Time to Limit Who Hosts World Cup and Olympics


It is time we are honest about the impact of the Olympics and the World Cup. They represent a world spectacle where the best athletes from every country can potentially showcase their dominance on a world stage. However, behind the scenes is a trail of disaster for the countries selected to host these events as dreams and promises of a financial boom are quickly replaced by the nightmares and realities of a disastrous infrastructure and economic impact.

The truth is only a handful of countries have any business hosting these tournaments.

Why do I say that? Well, the massive economical and infrastructure investment it takes for a country that does not already have the roads, stadiums, and facilities in place can be disastrous. Particularly for an event that requires billions of investment and lasts less than a few months.

Take Brazil, who hosted the 2014 World Cup and the 2016 Olympics. Brazil's GDP fell by 30% after the World Cup, and the unemployment rate doubled in the three years following. Some of the stadiums they rushed to build in anticipation are now abandoned, used as bus parking lots, or rented out for special events such as birthday parties out of desperation to see any revenue.

Take the 2010 South Africa world cup. Many said that the economic return from the tourism boosts surrounding the world cup would make it well worth the billions invested. It turns out those predictions fell far short as South Africa spent an estimated 13 thousand for every tourist it attracted.

The 2008 Beijing Olympics cost over 52 billion, and the marque arena that cost $460 million to build and millions to maintain each year, the Beijing National Stadium, is now rarely used. However, unlike South Africa and Brazil, the Chinese economy is stable enough to incur losses like that and be just fine.

But what about the countries that are not in as stable of a situation? They take the same losses because of the ego of leaders who want to attach their names and careers to a successful bid rather than doing what is best for the country. Millions of Brazilian citizens protested hosting the World Cup and Olympics, yet both events took place, and now the country is still struggling to recover.

Fortunately, there have been some cases where protests have forced a country to pull a bid to host the Olympics. Hamburg, Germany; Rome, Italy; and Budapest, Hungary, have all pulled their bids to host after uproar and protests from the citizens of those cities.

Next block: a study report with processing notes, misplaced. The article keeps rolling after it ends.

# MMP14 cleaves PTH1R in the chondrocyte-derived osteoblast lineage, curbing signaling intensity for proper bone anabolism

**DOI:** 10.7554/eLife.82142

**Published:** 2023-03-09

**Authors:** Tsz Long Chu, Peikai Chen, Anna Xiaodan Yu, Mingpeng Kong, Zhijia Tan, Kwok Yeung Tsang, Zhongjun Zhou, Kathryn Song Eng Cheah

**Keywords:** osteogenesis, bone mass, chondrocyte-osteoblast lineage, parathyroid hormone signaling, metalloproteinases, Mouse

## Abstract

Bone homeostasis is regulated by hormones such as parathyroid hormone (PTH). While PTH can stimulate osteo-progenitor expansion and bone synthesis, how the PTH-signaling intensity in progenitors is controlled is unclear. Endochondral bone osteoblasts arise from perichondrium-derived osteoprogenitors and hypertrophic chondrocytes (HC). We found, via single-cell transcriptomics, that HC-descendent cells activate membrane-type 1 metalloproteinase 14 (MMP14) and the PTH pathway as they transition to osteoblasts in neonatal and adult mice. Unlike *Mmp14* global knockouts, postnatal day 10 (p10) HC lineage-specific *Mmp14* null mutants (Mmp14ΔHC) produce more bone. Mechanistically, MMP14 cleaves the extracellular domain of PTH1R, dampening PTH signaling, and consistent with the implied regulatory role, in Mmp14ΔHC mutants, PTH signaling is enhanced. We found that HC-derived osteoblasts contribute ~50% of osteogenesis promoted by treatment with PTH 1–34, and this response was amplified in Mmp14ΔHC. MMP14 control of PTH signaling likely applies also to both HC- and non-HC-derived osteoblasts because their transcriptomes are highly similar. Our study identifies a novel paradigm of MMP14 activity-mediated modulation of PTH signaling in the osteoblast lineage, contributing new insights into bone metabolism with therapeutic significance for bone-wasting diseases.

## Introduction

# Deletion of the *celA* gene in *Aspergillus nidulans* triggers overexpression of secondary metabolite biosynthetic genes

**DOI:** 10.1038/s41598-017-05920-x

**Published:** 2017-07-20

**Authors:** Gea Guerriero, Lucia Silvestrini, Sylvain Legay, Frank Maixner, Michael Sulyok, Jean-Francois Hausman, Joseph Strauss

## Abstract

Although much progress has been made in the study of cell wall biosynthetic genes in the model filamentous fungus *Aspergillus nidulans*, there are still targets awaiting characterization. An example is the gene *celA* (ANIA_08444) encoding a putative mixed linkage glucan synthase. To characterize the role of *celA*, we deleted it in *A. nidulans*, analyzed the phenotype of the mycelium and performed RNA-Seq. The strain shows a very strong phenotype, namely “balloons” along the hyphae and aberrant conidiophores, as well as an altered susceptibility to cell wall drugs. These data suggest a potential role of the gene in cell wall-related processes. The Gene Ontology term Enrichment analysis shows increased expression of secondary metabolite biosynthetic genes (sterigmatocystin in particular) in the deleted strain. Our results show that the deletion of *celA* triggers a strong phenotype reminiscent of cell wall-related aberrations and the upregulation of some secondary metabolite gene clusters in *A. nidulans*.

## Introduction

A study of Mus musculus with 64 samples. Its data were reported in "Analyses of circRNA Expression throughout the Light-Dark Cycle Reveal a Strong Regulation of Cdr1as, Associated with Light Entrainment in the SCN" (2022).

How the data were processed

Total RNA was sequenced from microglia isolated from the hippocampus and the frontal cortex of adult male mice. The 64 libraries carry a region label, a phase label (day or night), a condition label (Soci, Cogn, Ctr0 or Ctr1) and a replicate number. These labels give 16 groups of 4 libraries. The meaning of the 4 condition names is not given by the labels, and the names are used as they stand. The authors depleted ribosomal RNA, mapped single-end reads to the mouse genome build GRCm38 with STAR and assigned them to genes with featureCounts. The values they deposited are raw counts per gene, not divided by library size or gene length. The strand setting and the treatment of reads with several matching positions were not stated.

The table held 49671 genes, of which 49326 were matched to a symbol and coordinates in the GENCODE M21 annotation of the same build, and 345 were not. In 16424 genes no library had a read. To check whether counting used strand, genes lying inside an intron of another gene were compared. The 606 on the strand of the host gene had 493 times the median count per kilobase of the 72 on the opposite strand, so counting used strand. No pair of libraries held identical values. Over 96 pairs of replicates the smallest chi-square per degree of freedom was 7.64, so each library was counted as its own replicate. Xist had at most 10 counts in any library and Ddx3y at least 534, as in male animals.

These were protests initiated because those communities wanted nothing to do with the massive inflation, forced relocation of thousands, and monumental economic losses that usually accompany the Olympics.

These factors make it even more baffling that FIFA awarded Qatar the 2022 World Cup. While the country may have the financial wealth to swallow most of the record $220 billion it costs, they were far from having the infrastructure needed. It led to a rush to meet standards in the 12 years that followed the nomination. And when corrupt governments rush to get something done, they often cut corners.

Some estimates say that over 6,500 migrant workers have died building the stadiums. Many others have been jailed for protests, and some have just disappeared completely. FIFA essentially chose to give a rushed world cup bid to a country whose human rights standards already lagged behind most of the world.

Add that Qatar is banning alcohol at the stadium for religious reasons, which is commendable before considering the context. To ban alcohol 48 hours before the event starts, after promising you would allow it so you could win the hosting rights you chose to compete for twelve years ago, stinks of hypocrisy. But this is the same world cup bid won with bribery and a long list of other unethical behaviors that caused FIFA to turn a blind eye.

Very few countries have the economic standing and the infrastructure to host the Olympics or World Cup without committing massive human rights violations or throwing their citizens in a downward spiral. Yet politicians continue to submit bids to host these events. As the world becomes increasingly globalized, the Olympic committee and FIFA face a high degree of pressure to award the games to developing countries that have not previously hosted the games. However, past experiences show that compromising and awarding the events to a country and a city not ready can lead to disaster for the region's people and economy.

Even if it means that the same core of countries hosts the games on repeat, it is time we restrict who can and cannot host the events because right now, the Olympic and World Cup dream is a nightmare for the citizens who have to accommodate an event they should have never hosted.